CHINA has secured an iron ore supply contract with a smaller Australian miner as it continues to persuade the world's top ore producers to lower their prices but analysts say the chances of them agreeing to do so are slim.

Chinese steel makers agreed with Fortescue Metals Group Ltd on a 35 percent cut in the price for iron ore fines, a major type, for the second half of 2009, the China Iron and Steel Association said yesterday.

China will seek the same reduction from larger suppliers, Shan Shanghua, CISA's secretary general, told reporters in Beijing.

The cut, though deeper than the 33 percent reduction earlier set by Rio Tinto with other Asian mills, means China is scaling back its earlier demand for a cut of at least 40 percent.

But analysts said it would be very difficult for Brazil's Vale and Anglo-Australian miners Rio Tinto and BHP Billiton, the world's top three ore suppliers, to follow Fortescue given the recovery in demand and higher spot prices.

"There's almost no likelihood the top three will offer the same cut," Umetal, a consulting firm, said in a note, adding that Rio and BHP would not be in a hurry to settle term prices with Chinese mills because they could easily get better prices on spot sales.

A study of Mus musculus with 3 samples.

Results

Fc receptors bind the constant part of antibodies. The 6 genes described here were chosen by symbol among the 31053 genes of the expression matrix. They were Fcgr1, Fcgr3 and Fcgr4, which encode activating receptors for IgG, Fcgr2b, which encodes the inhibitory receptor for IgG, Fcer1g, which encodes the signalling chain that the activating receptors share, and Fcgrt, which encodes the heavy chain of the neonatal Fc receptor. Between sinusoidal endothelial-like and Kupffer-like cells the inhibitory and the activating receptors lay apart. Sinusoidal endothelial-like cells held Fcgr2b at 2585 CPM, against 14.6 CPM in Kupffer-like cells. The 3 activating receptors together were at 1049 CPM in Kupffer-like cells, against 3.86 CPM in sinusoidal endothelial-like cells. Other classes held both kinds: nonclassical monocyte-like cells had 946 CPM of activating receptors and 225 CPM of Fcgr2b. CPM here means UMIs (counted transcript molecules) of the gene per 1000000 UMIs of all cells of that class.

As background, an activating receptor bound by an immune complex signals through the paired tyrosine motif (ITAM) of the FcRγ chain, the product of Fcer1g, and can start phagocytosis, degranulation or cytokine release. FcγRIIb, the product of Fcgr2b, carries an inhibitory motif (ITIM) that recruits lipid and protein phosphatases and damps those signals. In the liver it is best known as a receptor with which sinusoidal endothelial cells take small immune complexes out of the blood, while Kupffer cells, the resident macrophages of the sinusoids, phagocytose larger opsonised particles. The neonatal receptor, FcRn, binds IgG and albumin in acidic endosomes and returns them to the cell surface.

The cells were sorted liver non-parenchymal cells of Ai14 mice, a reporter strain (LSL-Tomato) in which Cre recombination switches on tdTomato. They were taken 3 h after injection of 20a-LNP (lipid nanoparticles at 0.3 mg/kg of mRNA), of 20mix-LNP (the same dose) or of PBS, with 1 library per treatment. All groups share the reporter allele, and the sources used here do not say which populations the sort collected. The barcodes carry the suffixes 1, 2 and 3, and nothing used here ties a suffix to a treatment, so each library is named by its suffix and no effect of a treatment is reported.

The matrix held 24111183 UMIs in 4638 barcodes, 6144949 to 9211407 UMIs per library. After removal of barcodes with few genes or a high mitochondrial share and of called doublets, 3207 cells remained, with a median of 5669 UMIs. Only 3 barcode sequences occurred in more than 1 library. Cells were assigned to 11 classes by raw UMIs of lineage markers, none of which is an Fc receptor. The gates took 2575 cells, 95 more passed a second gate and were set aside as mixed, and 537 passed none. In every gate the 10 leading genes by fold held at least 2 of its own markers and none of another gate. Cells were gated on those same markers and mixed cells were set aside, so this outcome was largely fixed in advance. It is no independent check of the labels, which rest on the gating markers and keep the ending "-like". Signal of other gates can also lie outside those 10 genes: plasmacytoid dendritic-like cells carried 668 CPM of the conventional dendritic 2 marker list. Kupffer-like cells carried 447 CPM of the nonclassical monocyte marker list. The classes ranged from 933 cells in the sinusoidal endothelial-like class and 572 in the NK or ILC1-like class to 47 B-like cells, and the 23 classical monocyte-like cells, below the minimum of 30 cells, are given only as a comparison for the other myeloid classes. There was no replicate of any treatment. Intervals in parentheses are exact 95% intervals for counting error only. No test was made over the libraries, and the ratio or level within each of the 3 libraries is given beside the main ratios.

Chinese mills led by Baosteel Group Corp will pay 94 US cents a dry metric ton unit for Fortescue's iron ore fines, or about US$55.50 per metric ton, the Australian miner said.

Rio is charging about US$61 a metric ton for its fines under term contracts.

A Rio spokesman said the company didn't see Fortescue's deal as relevant to its own pricing for fiscal 2009 while BHP declined to comment.

"The Fortescue deal is more of a symbolic one given the company's much smaller scale," Mysteel Research Institute analyst Zeng Jiesheng said. "But this also shows a China price could be created independent of a (benchmark) international pricing system."

Fortescue, Australia's third-biggest iron ore exporter and partly owned by China's Hunan Valin Iron and Steel Group, will sell 20 million tons of iron ore to China in the second half of the year.